How To Grow Your Own Food If You Don't Have A Garden
Maybe you don’t have a yard. Or your homeowners’ association restricts what you can do. Or you just don’t have the ability to build a chicken coop right now. Regardless of your situation or roadblocks there are plenty of ways to upgrade your pantry so you can start eating better-tasting—and nourishing—food. Think outside the box (and the grocery store) with some of these ideas.
1. Grow indoors
Indoor growing efforts can extend far beyond herbs—no greenhouse required. With a few considerations and some sunny windows, there are plenty of edibles that can be grown inside, including lettuce, kale, mushrooms, tomatoes, scallions, and even some dwarf fruit trees!
2. Visit the farmers market
There’s no better place to connect with your local foods movement than a farmers market. Browse locally grown vegetables, fruits, meats, and more and support small farms in the process. Plus it’s just plain fun to walk through a market with a basket on your arm and soak in the atmosphere.
3. Join a CSA
Community-Supported Agriculture programs, also known as CSAs, are a fantastic way to bring farm ingredients to your table. Even with our large garden, I still participate in them occasionally to expand our vegetable options. CSAs allow members to purchase shares of vegetables, fruits, and sometimes other foods from local producers. Payments are made at the beginning of the year, and shares are delivered weekly or biweekly throughout the growing season. Your dollars go straight to local farmers, and you have the freshest ingredients possible—it’s a win for everyone. Participating in our local CSA also helped me break out of my vegetable rut and try greens and root vegetables I never would have prior to joining.
4. Rent, lease, or share
Do you have friends or family with vacant garden plots or pastures? Who do you know who might want to partner on a food-growing adventure? Perhaps you can bring the labor and they will provide the space. I’ve even heard of older farm couples searching for energetic younger folks to work their land for them. With a little strategy and ingenuity, the possibilities here are endless.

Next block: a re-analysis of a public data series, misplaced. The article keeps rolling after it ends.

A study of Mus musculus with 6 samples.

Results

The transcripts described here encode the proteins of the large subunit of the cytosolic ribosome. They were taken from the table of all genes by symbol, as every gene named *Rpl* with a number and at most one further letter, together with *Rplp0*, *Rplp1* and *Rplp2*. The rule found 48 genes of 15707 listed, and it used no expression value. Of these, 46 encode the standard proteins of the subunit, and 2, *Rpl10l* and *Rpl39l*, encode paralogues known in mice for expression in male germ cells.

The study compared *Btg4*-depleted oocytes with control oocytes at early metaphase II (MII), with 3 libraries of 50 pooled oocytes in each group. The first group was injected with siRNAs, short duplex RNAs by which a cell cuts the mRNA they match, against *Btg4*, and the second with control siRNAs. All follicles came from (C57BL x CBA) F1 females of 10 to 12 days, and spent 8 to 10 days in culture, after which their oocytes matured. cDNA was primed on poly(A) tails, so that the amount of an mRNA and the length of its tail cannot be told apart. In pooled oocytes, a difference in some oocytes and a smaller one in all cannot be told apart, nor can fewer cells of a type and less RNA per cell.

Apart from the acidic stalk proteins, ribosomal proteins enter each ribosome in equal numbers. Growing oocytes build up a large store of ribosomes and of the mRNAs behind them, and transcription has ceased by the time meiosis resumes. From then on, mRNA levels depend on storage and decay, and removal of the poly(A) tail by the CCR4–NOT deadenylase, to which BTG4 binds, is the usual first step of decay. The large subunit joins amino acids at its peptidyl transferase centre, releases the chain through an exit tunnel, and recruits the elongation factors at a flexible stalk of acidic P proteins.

5. Use technology to your advantage
Our milk cow came from craigslist.org, and we’ve purchased tractors and chickens from Facebook groups. The Internet can be a fabulous tool for connecting with other homesteaders, finding local producers, and sourcing supplies. Many areas have local homesteading groups on social media, which can be wonderful for finding new likeminded friends and getting the scoop on the best local ingredients in your region. You can also check out localharvest.org to find markets, farms, CSAs, and producers in your area.
6. Volunteer with local producers
Research is great, but nothing beats hands-on experience. Sharpen your skills and learn new ones by volunteering to help at local farms. Not all farmers will be open to this, so respect people’s time and space—but it never hurts to ask. Good things come to those who are willing to get their hands dirty
7. Join (or start!) a community garden
Community gardens come in all shapes and sizes, but generally involve a group of people coming together to grow fruit and vegetables on a shared lot. I can't think of a better way to get your feet wet in the world of home food production than by gardening alongside a group of folks who love vegetables just as much as you do. Many community gardens also donate portions of their harvest to local food banks, so they're making a difference in more ways than one.